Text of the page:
Kid Free Travel

How to Cruise Kid-free

Cruising is the fastest growing part of the travel industry and for good reason. It’s estimated that at least 24% of Americans have cruised at least once, and it’s an addictive choice of vacation, with many people cruising at least once a year.

And what’s not to love? There’s no air travel, so you don’t need to brave the airports, and the best part is you only unpack once, but get to explore many different exotic destinations. Cruising is all-inclusive, and your fare includes transport, accommodation, food, and entertainment. Not only is cruising convenient, but it’s also cost effective-some cruises are just $50-$60 a night.

Most cruise lines have limits on the number of kids allowed on a cruise. They’re also becoming increasingly proactive and introducing more adult-only spaces, since unsurprisingly, many people are wanting to cruise kid-free.

If you’re planning on sailing with a family-orientated cruise line like Royal Caribbean or Carnival, try to sail outside of school holidays, and cruise for a week or more if you don’t want to be on a ship overrun with kids.

While some cruises and cruise lines are aimed at families, there are definitely some ways you can ensure a relatively kid-free cruise.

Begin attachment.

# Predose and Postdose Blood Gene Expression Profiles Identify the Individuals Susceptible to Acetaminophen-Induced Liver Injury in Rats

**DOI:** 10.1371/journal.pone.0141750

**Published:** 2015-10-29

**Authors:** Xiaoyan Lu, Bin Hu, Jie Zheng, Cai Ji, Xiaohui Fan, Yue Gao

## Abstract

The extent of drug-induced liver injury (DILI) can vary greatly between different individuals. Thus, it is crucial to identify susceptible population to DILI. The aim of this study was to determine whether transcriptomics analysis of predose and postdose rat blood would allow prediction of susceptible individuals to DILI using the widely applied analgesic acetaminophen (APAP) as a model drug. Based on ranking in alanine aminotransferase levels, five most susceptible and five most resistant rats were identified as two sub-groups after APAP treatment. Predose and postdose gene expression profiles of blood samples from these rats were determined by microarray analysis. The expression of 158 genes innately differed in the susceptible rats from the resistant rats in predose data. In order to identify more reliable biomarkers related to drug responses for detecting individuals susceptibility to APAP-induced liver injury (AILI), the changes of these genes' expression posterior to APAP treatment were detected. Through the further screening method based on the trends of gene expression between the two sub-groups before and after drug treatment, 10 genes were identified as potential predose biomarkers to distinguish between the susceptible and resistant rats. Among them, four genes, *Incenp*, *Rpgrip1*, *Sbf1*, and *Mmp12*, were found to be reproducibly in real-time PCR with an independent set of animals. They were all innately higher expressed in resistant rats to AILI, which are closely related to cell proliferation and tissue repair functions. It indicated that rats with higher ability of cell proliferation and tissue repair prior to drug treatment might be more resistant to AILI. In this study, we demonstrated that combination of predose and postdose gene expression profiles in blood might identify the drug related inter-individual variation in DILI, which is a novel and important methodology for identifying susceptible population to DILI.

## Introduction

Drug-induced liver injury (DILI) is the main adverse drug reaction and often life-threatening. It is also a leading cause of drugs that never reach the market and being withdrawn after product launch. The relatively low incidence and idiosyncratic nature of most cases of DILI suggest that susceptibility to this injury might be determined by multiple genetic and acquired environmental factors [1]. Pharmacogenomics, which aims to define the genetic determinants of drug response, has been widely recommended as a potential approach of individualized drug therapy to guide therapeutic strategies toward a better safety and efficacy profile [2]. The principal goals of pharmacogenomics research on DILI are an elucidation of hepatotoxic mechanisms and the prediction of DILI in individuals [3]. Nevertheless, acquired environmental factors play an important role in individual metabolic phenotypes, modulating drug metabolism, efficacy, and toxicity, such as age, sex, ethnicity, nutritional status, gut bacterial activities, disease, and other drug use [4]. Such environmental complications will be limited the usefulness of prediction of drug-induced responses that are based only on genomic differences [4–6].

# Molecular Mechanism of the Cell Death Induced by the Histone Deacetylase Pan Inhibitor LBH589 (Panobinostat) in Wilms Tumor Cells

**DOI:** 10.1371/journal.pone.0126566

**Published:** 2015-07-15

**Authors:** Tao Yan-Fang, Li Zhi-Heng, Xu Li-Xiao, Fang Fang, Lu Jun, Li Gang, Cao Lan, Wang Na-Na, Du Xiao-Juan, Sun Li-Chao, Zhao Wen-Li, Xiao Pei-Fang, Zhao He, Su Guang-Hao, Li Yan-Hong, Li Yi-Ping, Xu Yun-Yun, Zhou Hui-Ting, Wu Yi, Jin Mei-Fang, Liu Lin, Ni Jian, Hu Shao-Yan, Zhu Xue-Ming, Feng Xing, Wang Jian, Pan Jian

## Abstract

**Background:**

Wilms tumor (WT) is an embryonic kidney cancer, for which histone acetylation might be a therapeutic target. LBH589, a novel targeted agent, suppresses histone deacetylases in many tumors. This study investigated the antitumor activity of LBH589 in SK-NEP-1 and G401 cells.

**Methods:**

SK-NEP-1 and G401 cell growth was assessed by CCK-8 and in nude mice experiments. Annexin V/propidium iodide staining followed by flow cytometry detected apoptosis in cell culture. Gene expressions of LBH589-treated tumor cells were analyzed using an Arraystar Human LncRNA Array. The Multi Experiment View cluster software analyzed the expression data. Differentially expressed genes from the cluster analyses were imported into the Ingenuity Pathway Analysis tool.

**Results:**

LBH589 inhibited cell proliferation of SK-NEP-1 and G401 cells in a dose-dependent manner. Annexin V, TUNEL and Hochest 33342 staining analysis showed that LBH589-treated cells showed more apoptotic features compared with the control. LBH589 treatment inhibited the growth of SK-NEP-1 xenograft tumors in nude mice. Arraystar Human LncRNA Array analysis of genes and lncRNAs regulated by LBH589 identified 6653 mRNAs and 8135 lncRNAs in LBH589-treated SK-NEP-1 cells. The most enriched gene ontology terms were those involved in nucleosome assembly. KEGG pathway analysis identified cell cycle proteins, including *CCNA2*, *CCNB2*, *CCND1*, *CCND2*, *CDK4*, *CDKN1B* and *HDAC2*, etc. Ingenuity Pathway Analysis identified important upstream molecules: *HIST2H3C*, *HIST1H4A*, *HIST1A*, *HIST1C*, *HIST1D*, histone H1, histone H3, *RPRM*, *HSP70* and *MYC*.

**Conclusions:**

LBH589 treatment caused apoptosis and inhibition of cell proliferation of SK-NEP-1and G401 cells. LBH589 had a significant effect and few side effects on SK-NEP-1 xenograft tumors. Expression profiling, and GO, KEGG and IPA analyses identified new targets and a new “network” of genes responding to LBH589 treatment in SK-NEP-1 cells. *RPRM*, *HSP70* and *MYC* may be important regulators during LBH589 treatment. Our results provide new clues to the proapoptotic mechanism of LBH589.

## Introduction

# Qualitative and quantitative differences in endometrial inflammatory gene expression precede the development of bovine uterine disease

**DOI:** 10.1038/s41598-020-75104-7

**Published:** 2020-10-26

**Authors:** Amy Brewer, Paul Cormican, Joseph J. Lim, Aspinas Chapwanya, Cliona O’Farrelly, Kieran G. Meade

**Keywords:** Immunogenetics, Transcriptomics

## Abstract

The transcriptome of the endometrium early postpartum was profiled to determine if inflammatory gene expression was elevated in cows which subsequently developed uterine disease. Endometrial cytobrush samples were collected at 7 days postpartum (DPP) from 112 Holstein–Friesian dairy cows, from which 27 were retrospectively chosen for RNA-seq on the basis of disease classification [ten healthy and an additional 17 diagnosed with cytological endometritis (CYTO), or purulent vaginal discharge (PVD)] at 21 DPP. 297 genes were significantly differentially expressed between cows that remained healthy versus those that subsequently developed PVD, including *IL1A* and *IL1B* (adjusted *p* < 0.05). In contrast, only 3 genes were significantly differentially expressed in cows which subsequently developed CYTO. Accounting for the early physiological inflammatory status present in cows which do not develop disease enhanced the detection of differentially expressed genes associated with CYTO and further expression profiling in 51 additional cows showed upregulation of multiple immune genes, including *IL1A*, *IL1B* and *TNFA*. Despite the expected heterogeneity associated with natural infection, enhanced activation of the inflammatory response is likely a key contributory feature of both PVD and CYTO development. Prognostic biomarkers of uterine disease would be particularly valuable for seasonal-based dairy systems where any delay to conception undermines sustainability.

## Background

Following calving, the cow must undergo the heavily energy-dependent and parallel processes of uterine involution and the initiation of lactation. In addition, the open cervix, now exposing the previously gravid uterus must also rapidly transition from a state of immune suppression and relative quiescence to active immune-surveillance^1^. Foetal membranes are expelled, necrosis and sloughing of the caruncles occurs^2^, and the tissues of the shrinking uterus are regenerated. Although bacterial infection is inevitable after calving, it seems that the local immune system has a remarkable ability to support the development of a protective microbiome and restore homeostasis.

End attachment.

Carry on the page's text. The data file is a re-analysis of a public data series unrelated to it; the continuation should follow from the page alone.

If you want a completely child-free experience, P&O have three ships that are exclusively for adults-the Ardonia, the Arcadia, and the Oriana. These ships sail around the world and feature extensive art collections, stylish surroundings, and the best in fine dining.

 

 

Photo courtesy of creative commons, eGuide Travel

Photo courtesy of creative commons, eGuide Travel

If you’re willing to spend a little more to have a truly once-in-a-lifetime experience, consider cruise lines like Seabourn, Silversea Cruises, Oceania Cruises or Azamara. They’re the ultimate in luxury and marketed to adults.

While many of these cruise lines won’t outright ban kids, most have very few child-friendly facilities and no kids clubs, so they’re definitely not encouraged onboard. This, combined with their high price tag means you won’t see many kids, and any kids onboard will likely be watched closely by their nannies.

For an incredible kid-free cruise, check out the Silversea ten-day Caribbean cruise. Cruising return from Fort Lauderdale, you’ll have three days in the itinerary to relax at sea, while also visiting places like St. Barts, Puerto Rico, and the Dominican Republic.

Or try combining a vacation in Europe with a cruise with Oceanic Cruises, who sail from Barcelona to Lisbon, stopping off in Spain, the UK, and Morocco.

Cruise lines are beginning to wise up to the fact that many people like to avoid children on their vacations. Do your research, travel outside of school holidays, and avoid the ships that have giant waterslides and cartoon characters featuring heavily in their brochures.